If cooling issues are to happen in your home, they’re most likely when your air conditioner’s pushed to its limit.
Most residential air conditioners are designed and engineered to produce adequate cooling up to 95 degrees outdoor temperature. Here in Eastern North Carolina, our average daily high temperature in the hottest months of July, and August is around 90 degrees. However, “average” means just that—on any given day, temps may spike above the 95-degree design limit of most A/C units.
Here are some cooling issues you may expect on those exceptional days:
The house isn’t as cool as usual.
Once outdoor temperatures reach the typical air conditioner’s design limit of 95 degrees, the system is already running at peak cooling output. At that point, you shouldn’t expect to maintain indoor temperatures below 78 to 80 degrees, no matter how low you set the thermostat. If outside heat climbs even higher, the difference between outdoor and indoor temperature will inevitably narrow even further.
System wear and tear increases.
Because the air conditioner runs longer cycles as cooling output reaches peak level, moving parts such as the system blower and compressor incur more wear. Expected service life of these critical components may be affected if hot spells are frequent. The air filter also traps more particulates, clogs sooner and requires more frequent replacement. The outdoor condenser coil may accumulate dirt and dust more rapidly than usual, too, due to increased airflow during extended cooling cycles. All system components will benefit from cleaning and preventive maintenance.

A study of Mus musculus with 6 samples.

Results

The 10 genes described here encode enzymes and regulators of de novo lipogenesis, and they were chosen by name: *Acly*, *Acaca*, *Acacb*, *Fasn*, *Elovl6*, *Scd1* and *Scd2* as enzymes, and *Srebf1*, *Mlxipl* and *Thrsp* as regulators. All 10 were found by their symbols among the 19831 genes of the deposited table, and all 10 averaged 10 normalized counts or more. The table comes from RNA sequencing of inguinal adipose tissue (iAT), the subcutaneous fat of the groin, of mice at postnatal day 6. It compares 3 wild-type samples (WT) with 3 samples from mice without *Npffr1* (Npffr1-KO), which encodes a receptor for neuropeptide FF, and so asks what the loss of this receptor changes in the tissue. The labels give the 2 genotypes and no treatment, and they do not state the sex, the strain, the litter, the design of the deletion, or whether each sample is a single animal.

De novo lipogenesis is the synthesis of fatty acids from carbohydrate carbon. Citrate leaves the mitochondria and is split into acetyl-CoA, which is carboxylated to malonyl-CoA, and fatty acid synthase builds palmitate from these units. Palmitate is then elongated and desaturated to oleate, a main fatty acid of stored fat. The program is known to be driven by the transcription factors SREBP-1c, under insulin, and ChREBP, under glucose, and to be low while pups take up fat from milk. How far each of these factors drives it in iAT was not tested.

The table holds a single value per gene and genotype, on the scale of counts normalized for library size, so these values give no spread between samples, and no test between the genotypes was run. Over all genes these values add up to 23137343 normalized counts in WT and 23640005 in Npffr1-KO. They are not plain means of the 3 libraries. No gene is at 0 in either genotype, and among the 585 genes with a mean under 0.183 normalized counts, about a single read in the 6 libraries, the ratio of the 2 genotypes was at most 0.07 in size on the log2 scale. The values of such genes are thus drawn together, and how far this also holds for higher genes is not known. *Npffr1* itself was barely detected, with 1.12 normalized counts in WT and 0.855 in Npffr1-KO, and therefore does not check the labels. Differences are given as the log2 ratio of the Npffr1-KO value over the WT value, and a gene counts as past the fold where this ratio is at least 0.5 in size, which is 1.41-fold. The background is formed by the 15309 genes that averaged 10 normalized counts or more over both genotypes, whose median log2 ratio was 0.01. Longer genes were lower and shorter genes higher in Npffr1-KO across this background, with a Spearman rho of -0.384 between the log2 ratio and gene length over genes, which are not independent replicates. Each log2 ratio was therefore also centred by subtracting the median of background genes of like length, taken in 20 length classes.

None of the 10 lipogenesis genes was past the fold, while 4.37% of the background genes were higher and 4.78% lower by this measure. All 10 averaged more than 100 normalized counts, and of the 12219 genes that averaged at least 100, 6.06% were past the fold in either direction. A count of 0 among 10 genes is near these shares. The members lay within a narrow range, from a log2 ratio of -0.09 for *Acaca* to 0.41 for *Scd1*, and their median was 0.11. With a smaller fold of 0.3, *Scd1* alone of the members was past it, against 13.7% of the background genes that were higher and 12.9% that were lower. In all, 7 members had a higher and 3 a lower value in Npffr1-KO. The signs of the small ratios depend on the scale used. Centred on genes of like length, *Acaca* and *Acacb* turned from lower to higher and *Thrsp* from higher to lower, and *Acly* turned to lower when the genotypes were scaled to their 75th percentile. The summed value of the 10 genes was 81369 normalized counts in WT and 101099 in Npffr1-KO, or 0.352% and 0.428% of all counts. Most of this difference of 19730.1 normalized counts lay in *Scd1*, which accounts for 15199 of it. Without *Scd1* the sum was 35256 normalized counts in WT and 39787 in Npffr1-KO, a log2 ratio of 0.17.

Operating costs rise.
Inevitably, the expense of keeping the house cool will be greater on days of peak output. During prolonged heat waves, your monthly electric bill could rise by as much as 50%, solely from increased A/C use. As everyone on the power grid runs the air conditioner longer and harder, the local utility may be unable to keep up with demand and outages may occur.
For professional advice and service to handle cooling issues during peak periods, contact Jackson & Sons.
Jackson & Sons, Inc.
Our goal is to help educate our customers in Eastern North Carolina (including Wayne, Johnston, Greene, Lenoir, Pitt and Duplin Counties) about energy and home comfort issues (specific to HVAC systems).